Paxton, competing with Nathan Karns for the No. 5 spot in the Mariners’ rotation, pitched five innings Tuesday, allowing two runs on four hits with one walk and eight strikeouts.


It was a minor-league game on a back field of the Mariners’ spring-training complex, but the left-hander had a regular-season concentration level Tuesday. It was an important start in the competition for the No. 5 spot in the starting rotation.

“I just focused on executing pitches, making pitches and staying focused,” he said when asked about the surroundings. “That’s it.”

It’s perhaps not an ideal scenario for Paxton, who is competing with right-hander Nathan Karns for that final spot. Paxton, to stay on normal rest, had to pitch for Class AAA Tacoma against the Chicago White Sox’s Class AAA team because the Mariners had the day off.

Ideally, pitchers in a competition will face higher-level opponents. But moving Paxton’s start would have affected the schedule for all of the starting pitchers.

Then again, after his previous outing — in which he pitched just two innings, giving up seven runs, six hits and four walks against Oakland — it didn’t matter who he pitched against. A higher level of execution and efficiency was expected.

He accomplished that Tuesday, pitching five innings and allowing two runs on four hits with one walk and eight strikeouts. The runs were solo homers — one of which was greatly wind-aided.

“I felt really good,” he said. “I felt like it was a really good step forward with my stuff. I feel like my stuff is where it needs to be.”

Paxton’s fastball velocity sat around 93-94 mph.

“I was just focusing on reaching for the mitt and being smooth,” he said. “I threw some really good fastballs. I got some pitches up in the zone when I wanted to go up in the zone, which is really good.”

His curveball, a pitch he has struggled with this spring, was much improved. He had better command with it, and it had a more-explosive break.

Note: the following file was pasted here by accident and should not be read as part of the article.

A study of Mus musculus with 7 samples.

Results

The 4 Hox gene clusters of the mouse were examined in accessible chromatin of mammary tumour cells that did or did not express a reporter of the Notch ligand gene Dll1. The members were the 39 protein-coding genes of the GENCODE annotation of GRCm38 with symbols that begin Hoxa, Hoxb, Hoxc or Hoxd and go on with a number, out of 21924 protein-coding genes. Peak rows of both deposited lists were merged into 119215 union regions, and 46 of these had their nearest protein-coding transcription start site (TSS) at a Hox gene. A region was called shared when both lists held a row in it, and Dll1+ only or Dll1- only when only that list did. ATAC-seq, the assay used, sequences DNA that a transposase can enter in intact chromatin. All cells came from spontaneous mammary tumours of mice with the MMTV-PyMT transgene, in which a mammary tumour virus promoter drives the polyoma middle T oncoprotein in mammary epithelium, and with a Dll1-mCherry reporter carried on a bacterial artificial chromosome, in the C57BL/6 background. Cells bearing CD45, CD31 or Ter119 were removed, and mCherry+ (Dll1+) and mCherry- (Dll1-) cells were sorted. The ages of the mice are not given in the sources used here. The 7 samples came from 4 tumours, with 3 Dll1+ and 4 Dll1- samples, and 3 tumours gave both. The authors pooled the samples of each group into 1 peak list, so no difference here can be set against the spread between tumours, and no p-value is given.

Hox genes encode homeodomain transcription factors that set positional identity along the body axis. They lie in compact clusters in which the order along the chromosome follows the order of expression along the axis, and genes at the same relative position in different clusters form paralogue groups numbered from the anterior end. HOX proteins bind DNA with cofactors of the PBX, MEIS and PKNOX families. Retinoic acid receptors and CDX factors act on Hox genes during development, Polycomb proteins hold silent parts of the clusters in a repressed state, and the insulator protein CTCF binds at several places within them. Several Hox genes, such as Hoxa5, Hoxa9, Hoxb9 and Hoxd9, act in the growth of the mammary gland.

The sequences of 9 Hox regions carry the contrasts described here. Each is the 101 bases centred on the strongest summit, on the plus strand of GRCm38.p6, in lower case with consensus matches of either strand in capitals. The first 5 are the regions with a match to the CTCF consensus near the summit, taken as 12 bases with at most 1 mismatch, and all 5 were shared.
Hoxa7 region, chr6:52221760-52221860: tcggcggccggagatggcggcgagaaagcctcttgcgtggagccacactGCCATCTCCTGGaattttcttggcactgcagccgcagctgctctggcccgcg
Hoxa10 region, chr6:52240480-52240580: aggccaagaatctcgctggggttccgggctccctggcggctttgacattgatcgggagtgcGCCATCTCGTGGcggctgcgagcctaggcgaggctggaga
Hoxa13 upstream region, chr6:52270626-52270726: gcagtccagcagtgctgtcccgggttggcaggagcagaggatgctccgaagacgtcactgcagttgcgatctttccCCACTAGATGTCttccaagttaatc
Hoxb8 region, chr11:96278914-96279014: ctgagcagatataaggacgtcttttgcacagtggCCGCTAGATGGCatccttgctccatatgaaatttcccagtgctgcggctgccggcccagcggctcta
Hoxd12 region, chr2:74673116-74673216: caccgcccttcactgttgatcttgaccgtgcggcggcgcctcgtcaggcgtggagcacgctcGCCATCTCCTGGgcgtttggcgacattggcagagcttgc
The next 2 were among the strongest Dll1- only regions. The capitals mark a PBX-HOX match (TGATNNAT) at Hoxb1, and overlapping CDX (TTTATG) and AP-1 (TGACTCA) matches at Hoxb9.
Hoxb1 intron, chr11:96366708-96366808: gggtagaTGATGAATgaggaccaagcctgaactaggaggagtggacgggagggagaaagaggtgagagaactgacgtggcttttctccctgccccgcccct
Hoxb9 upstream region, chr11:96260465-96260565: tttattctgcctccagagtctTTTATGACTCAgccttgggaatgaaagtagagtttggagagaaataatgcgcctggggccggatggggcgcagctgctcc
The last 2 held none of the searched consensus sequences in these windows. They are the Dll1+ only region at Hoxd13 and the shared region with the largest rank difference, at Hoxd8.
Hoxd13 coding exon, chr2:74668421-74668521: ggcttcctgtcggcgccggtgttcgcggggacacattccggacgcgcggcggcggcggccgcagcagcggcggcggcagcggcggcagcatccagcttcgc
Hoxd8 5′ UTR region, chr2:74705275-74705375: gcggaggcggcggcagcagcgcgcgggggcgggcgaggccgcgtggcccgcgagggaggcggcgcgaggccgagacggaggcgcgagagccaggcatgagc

He worked between starts with pitching coach Mel Stottlemyre.

“I was just working on getting extension,” Paxton said. “That’s what I was working on in the bullpen this week to get my curveball spinning a little tighter. Just reaching out there for the glove and getting that tight spin back.”

It fooled multiple hitters, generating several awkward swings.

Paxton cruised through the first two innings in order, striking out four of the first six batters.

After striking out the first two batters of the third, he gave up a wind-aided double to center. But he ended the inning moments later with a ground out to shortstop. Of the first 10 hitters he faced, Paxton threw seven first-pitch strikes.

In the fourth inning he gave up his first run — a solo homer to Joey DeMichele.

“I fell behind that guy 3-1, and he jumped on a fastball,” Paxton said. “I felt like I made some good pitches even when I got behind. The 2-1 changeup to him was a close pitch.”

In the fifth inning, designated hitter Kevan Smith led off with a solo homer to left-center on the first pitch.

“The first hitter was just cheating on the fastball and got one,” Paxton said. “Nothing you can do about that, but just be prepared during the season to start guys off with other pitches.”

Paxton issued his only walk to the next batter but came back with a strikeout and an inning-ending 5-4-3 double play.

He finished with 73 pitches — 44 for strikes.

“I think it’s a pretty good spot to be in,” he said. “Two starts left, It would get me up to 90-100 pitches and ready for the season.”

If Paxton stays on normal rest, he would pitch again Saturday in Mesa against the Cubs and then April 1 against the Rockies.

Servais has said they could go to the final day of spring to choose the No. 5 starter.

Notes

Tyler O’Neill and Ed Lucas homered for Tacoma. O’Neill crushed a two-run homer just to the right of the batter’s eye. It was yet another display of his power potential.

• The Mariners return to Cactus League action Wednesday night against the Oakland A’s. Karns will start for Seattle, and right-hander Jesse Hahn will pitch for the A’s. First pitch is 7:10 p.m. The game will be televised by Root Sports.